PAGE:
Former KU O-lineman Hakeem Adeniji performs at NFL Scouting Combine

Kansas offensive lineman Hakeem Adeniji runs a drill at the NFL football scouting combine in Indianapolis, Friday, Feb. 28, 2020. (AP Photo/Michael Conroy)

Kansas offensive lineman Hakeem Adeniji runs a drill at the NFL football scouting combine in Indianapolis, Friday, Feb. 28, 2020. (AP Photo/Michael Conroy)


The Jayhawks’ former starting left tackle, who measured at 6-foot-4 and 3/8 inches and weighed 302 pounds, sprinted to a 40-yard dash time of 5.17 seconds, bench pressed 225 pounds 26 times, leapt 34 inches vertically and registered a broad jump of 115 inches.

Regardless of which NFL team ultimately decides to add Adeniji to its roster, it remains to be seen whether he will remain a tackle at the next level, or move inside on the O-line.

Adeniji, a Garland, Texas, native, told USA Today’s Draft Wire earlier this week even he doesn’t know which position he’ll ultimately play, or whether he might get a chance to keep playing left tackle, like he did at KU the majority of his college career.

“Some NFL teams have told me that they like me on the left, but they think that right tackle is also a possibility for me,” Adeniji told Draft Wire. “I’ve even heard a little about me moving inside to play guard. I played some guard at the Senior Bowl. I know that I’d be a great left tackle, but it’s not really up to me. I’m gonna play wherever they put me. I have a lot of experience playing left tackle but I know that I’m gonna excel wherever.”

NFL.com draft analyst Lance Zierlein described the four-year KU starter as “durable,” and projected that Adeniji could be moved inside to guard for an NFL team.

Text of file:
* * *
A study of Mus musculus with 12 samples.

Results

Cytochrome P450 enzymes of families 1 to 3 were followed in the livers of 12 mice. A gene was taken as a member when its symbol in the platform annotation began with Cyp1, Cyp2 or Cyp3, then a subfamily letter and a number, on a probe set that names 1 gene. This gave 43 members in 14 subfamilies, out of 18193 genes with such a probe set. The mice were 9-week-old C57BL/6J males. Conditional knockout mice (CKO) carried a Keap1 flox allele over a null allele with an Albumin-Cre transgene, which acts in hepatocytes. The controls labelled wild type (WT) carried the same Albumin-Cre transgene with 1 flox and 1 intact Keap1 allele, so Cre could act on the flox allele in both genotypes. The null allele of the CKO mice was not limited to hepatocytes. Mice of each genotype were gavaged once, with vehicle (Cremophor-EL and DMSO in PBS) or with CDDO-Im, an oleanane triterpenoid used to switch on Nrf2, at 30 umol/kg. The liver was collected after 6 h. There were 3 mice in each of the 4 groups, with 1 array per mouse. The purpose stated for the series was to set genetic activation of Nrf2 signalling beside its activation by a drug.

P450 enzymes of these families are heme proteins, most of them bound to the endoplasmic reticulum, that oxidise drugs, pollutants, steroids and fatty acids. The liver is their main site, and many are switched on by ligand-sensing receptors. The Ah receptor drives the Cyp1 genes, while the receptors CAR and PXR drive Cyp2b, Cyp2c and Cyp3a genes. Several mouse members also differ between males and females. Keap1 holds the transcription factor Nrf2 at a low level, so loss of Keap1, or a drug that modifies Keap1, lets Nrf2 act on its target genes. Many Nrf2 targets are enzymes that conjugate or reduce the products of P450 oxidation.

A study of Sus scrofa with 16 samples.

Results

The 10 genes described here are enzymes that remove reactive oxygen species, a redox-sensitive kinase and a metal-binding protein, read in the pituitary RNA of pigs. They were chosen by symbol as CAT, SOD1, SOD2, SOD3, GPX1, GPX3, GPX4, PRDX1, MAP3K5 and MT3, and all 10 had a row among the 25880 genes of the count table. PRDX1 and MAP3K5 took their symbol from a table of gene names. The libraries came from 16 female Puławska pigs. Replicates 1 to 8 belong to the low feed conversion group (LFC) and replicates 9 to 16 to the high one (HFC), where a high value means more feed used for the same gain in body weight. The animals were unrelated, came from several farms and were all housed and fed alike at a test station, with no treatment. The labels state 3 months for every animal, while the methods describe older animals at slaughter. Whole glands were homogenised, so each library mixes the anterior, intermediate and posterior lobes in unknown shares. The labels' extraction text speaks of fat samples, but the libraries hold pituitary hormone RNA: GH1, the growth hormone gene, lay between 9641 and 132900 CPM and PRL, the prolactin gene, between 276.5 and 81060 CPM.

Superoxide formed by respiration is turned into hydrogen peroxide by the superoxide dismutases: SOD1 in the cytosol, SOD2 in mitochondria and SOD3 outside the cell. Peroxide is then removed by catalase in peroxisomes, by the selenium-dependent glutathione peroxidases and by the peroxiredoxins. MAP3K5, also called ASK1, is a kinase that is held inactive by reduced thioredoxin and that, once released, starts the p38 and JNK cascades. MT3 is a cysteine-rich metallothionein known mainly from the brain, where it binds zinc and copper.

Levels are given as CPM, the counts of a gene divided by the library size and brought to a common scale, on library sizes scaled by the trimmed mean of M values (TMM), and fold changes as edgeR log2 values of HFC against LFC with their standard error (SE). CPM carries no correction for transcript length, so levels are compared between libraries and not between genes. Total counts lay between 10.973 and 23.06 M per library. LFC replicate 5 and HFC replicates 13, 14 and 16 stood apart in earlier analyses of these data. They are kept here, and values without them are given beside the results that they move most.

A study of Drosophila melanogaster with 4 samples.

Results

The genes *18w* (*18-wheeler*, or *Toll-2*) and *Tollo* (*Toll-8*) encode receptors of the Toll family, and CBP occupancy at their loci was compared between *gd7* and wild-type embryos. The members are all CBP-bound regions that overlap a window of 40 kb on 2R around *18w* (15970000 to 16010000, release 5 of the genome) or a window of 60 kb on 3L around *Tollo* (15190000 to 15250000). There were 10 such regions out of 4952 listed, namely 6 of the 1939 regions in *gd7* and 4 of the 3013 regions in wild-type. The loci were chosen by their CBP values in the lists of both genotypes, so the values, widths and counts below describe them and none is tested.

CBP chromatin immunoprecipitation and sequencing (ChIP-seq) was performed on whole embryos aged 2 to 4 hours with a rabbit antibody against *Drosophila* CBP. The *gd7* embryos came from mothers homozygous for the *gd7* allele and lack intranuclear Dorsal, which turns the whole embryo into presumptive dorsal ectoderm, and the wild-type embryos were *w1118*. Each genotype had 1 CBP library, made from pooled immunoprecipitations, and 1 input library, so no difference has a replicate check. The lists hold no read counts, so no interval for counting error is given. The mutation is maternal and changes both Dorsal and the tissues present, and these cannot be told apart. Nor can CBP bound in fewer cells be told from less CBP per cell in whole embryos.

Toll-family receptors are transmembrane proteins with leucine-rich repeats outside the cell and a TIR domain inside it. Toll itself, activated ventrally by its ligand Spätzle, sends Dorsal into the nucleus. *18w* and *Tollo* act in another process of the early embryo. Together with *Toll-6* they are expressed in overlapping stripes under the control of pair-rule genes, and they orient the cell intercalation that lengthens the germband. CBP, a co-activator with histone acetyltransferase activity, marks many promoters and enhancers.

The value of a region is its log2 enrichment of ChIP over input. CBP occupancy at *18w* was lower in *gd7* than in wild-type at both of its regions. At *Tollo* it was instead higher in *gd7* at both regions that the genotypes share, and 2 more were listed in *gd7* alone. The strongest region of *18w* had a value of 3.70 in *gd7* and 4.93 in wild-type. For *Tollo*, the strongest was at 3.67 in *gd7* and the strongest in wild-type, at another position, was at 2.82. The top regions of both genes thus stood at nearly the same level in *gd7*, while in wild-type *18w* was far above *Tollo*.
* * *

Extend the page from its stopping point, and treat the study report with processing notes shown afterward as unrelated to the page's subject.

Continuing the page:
“Adeniji understands and displays technique, but it tends to get sloppy when his footwork gets him behind in the rep,” Zierlein wrote at NFL.com. “He was an imperfect fit in Kansas' move-oriented running game, but could compete for a roster spot in a man blocking scheme where he should be able to play with better control, consistency and push at the point of attack.”

Zierlein also noted Adeniji’s experience playing tackle could benefit him in pass protection if he’s moved inside at the next level.

Earlier in the week, during his media session at the combine, Adeniji said KU head coach Les Miles had conversations with the O-lineman that prepared him for this week and the entire pre-draft process.

“That’s my guy. Ever since he got to the program, we were like attached,” Adeniji said of Miles, a former O-lineman in his playing days at Michigan. “It’s been a big help, having him by my side and in my corner.”

CBS Sports’ composite prospect rankings, before Adeniji performed at the combine at Lucas Oil Stadium, rated Adeniji as the 118th-best player in the draft, and the 25th-best offensive lineman.

In the 32-team, seven-round draft, if franchises also have Adeniji graded somewhere in that range, it would mean the former KU O-lineman could get selected somewhere around the middle of the fourth round.

The 2020 NFL Draft runs from April 23-25, in Las Vegas.

Former KU linebacker Azur Kamara will go through drills on Saturday at the combine.

KU’s annual pro day is set for Thursday, at the Jayhawks’ indoor practice facility.

Comments

David Robinett 1 month ago

“ the 25th-best offensive lineman”

Not bad. Keep fighting Hakeem!

Brian Wilson 1 month ago

Yeah....and from what I recall he intended to play for Air Force but was rejected due to allergies and he was unranked coming to KU ....he wasn't even one of those 2 to 3 prospects that every KU Fan is complaining about and that we are recruiting. Hmm go figure, TOP 25 and he was Unranked.

You know there is only about 35 5 star players every year and only about 50% of the 5 star players make the NFL....so developing players, and putting those players into a system that takes advantage of their skills is what makes a winning football program. Add more substance, Beaty did a decent job of recruiting and developed some good players but lacked the ability to put his players in a position to win and good grief he was a terrible game day coach. Give Coach Miles 4 years of recruiting his kind of player for his kind of system.....it won't matter that they were 3 star recruits....RCJHKU!